Property
Protection

Trust

There are many and varied options available when it comes to protecting your property in your Will depending on personal circumstances. We can help you protect what you have worked hard for and direct it to those you wish. 

What is a Property Protection Trust Will?

A property protection trust Will is a Will designed to help protect your property from an assessment to long term care fees. The half share of the family home belonging to the first person to die passes into the trust. This type of trust is also known as a 'life interest trust' in favour of the survivor which means that they can benefit from the share of the house in the trust during his/her lifetime. On their death, the trust fund passes to others, usually children of the family.

2

What does it involve and how does it work?

Normally when you set out your wishes and make a Will, your estate and the value of your assets will be passed directly on to your beneficiaries, likely your surviving spouse, then after your death to your children. A care requirement and other circumstances can sometimes complicate or affect this process.

For this reason, trusts and products like them can hold assets on behalf of the beneficiaries to guard against the effect of IHT and care costs reducing the value of your estate.

3

Who is it suitable for?

It is a Will for couples who are concerned that one of them may need long term care at some point in the future.

4

What if the surviving spouse wants to move house?

This is not a problem. The family home can be sold, and an alternative property purchased. If the property which is purchased costs less than the original property, any profit would need to be shared equally between the surviving spouse and the trustees.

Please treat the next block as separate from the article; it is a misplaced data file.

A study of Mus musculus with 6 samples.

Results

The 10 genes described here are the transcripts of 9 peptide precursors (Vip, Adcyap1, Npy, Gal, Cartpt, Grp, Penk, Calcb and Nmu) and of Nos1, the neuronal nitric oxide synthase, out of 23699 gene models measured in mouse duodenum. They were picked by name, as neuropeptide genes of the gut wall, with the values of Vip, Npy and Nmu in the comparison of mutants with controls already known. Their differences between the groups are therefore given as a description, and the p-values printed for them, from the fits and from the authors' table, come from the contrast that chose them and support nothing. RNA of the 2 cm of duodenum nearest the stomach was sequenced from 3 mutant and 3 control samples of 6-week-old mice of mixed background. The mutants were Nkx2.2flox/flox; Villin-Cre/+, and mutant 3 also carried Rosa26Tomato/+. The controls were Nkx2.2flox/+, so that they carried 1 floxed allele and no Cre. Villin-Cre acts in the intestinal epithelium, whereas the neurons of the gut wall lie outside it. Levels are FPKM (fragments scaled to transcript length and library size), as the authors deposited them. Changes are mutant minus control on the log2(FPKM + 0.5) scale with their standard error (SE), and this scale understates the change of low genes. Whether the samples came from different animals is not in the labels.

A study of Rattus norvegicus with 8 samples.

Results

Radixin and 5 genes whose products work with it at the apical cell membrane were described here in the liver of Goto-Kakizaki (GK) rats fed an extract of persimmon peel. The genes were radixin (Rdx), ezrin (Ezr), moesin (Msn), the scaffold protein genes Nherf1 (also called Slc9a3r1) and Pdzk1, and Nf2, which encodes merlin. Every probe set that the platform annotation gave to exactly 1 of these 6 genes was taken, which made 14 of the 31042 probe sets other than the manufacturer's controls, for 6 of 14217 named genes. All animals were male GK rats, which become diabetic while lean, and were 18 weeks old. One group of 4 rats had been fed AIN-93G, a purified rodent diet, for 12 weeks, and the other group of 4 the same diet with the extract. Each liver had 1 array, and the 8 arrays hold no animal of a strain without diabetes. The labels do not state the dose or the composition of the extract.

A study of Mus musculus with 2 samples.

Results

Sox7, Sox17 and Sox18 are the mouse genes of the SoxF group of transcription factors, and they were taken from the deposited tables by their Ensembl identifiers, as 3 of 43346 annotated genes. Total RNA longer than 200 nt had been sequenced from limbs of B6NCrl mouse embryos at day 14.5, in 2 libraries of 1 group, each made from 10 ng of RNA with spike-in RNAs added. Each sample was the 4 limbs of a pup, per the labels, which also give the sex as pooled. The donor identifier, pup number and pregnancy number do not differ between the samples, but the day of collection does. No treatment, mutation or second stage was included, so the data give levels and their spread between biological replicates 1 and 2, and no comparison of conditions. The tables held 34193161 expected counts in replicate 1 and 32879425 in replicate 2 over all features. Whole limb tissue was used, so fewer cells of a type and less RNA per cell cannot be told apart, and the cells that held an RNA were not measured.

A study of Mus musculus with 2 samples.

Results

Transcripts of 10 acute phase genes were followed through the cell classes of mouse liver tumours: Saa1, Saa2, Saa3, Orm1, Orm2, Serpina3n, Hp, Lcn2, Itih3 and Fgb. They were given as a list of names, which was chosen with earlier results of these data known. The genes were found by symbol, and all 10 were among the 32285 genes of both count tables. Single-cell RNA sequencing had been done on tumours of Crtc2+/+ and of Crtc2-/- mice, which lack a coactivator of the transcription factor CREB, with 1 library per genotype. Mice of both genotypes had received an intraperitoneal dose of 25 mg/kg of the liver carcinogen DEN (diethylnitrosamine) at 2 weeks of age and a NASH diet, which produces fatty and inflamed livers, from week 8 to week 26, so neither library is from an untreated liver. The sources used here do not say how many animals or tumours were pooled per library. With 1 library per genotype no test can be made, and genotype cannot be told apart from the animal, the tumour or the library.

5

What if I change my mind?

Since the trust does not come into existence until the first spouse dies, you can simply change your Will(s) before this time.

Will scenario...

Mr and Mrs Brown own their house in joint names and have other joint savings. Mr & Mrs Brown want to ensure that their respective half shares of the house ultimately pass to their children while ensuring the survivor has the protection of living in the property for the remainder of their lifetime. They also want to ensure that if the survivor of them requires long term care, at least half the property is preserved for the benefit of their children.

 

If Mr Brown dies first, he leaves his half share of the property into a property protection trust, with the remainder of his estate left to his wife. Mrs Brown has a right to occupy Mr Brown's half share of the property together with the ability to move house.

 

If Mrs Brown requires long term care, Mr Brown's half share of the property is retained in the property protection trust and cannot be assessed as capital available to pay Mrs Brown's care fees. Even if Mr and Mrs Brown's children are made bankrupt, become divorced or predecease Mrs Brown, her occupation is secured.

 

On Mrs Brown's death, the property protection trust comes to an end and the half share of the house transferred (or the sale proceeds paid) to the children free from any Capital Gains Tax.